When money moves, en masse, there are typically collateral requirements somewhere. To oversimplify it, that’s basically money (cash) one party has to give someone else in case something goes wrong.
Sophisticated organizations might be able to use a bond, letter of credit, debt vehicle, or some other type of asset but most of us get stuck putting up actual cash to cover the risk we put into a system. It’s cash we can’t spend on other things.
The mildly scary thing is that when things really go wrong and the collateral isn’t managed correctly, things go really wrong anyway. In fact, the amplification of the risk creates a potentially larger problem than just the cash inefficiency.
I always think of this money that sits as dead money. It doesn’t work, it doesn’t earn a return. More often than not an accepted risk control that assumes something might happen.
When you really get down to the nuts and bolts of how organizations behave they will always protect actual cash. I’ll admit this method does work as a result for most situations. If you tie a reward (or punishment) to cash, it’ll get attention.
A few situations where you’d end up with pools of capital to manage risk are payments origination and trading. In both situations the entity introducing risk (or sponsoring it) has to front some cash.
I’m going to ignore collateral requirements for trading for the sake of the topic I’m going to unpack. The origination topic is something that came up on twitter recently in the context of RTP and FedNow. The image below is an oversimplification of how companies get access to these systems. RTP or FedNow operates them and distributes them through a fairly predictable set of participants.
RTP and FedNow being two realtime initiatives. One of the questions posed is should the banks be able to get interest on their posted cash reserves to participate in the payment scheme? I think the answer is no unless they are required to pass this through to their clients who post the aggregated collateral. That interest would have to come from the utility provider who is there to enable connectivity.
I worry guaranteeing interest only to the biggest endpoint creates an incentive to unnaturally require large cash deposits or over-utilize dead money as a risk control. It also creates an incentive for the endpoints to require colorization of smaller entities who will actually end up being the ones to post the funds.
Everyone’s interest-free money just flows to the biggest endpoint who earns interest on it if it’s done incorrectly in my opinion. I understand there is a counter argument which is that it should work that way, I just don’t agree with it. Here is how I think about it with numbers much smaller than reality but for demonstration purposes:
The biggest pool isn’t going to be $100M though. It will be tens if not hundreds of billions of dollars or more. The aggregated collateral in one scenario I can think of off the top of my head has (or did at one time) $80B+ in posted cash collateral. At Fed funds rate, the interest on that is incredible. At 1.5%, that’s $1.2b annually.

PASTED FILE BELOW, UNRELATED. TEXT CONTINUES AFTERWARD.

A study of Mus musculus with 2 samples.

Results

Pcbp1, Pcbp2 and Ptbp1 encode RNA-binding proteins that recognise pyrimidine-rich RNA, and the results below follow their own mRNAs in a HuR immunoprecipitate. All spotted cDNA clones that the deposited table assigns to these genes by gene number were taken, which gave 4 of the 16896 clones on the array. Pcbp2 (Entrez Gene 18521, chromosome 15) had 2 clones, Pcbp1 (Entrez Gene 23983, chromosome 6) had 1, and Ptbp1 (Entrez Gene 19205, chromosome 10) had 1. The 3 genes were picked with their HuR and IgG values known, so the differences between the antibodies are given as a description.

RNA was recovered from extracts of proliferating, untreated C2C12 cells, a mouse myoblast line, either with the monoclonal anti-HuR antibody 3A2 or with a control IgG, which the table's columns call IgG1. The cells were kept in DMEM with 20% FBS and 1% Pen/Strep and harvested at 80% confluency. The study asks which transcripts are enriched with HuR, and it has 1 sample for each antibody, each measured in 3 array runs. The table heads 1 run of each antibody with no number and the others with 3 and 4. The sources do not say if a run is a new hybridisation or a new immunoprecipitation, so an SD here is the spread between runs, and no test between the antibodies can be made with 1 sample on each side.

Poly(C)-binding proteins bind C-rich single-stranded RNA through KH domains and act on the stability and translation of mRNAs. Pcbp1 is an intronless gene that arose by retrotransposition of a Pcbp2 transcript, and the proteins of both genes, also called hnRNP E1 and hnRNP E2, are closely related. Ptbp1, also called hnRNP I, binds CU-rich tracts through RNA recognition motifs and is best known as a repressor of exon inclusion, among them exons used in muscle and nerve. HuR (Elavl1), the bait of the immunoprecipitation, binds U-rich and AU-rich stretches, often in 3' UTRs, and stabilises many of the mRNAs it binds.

If the Fed had to pay (or operator did) fed funds rate the biggest participants would be splitting $100M a month in money generated due to system inefficiencies. I don’t have a problem with collateral as a risk control but I do think it’s unwise to intentionally reward the practice with interest.
If the system design drives cash requirements at this type of scale the benefits should be shared. Even if the numbers are much smaller than the drawing above (which I doubt they are or could be) I still think the interest payments should be shared pari passu with everyone posting cash collateral. If interest were a consideration…
These collateral pools are designed to house enough money so the risk never exceeds the available posted collateral so there is regularly significant headroom and more money than needed sitting in an account somewhere. For example, if there is $50K in actual risk there might be a $250K reserve requirement for a new entity participating in the payments scheme. For an extremely small company or a sole engineer with a big idea that’s a huge hurdle to overcome.
Interest is an incentive program
One of they key issues with the concept of cash reserves as a risk control is that it locks out everyone who can’t financially meet the requirements whose intellectual contributions might greatly reduce the need for the cash controls.
I fear if this is done incorrectly it drives the wrong long term behavior. I don’t really fear the Fed doing the wrong thing here because they’ve done the right thing over so many decades it’s hard to imagine they would get this wrong. That said, there seems to be a desire for them to consider doing things differently in the future and if they or other providers select to I’m hopeful that the rewards are distributed throughout the system and not isolated to a select few organizations.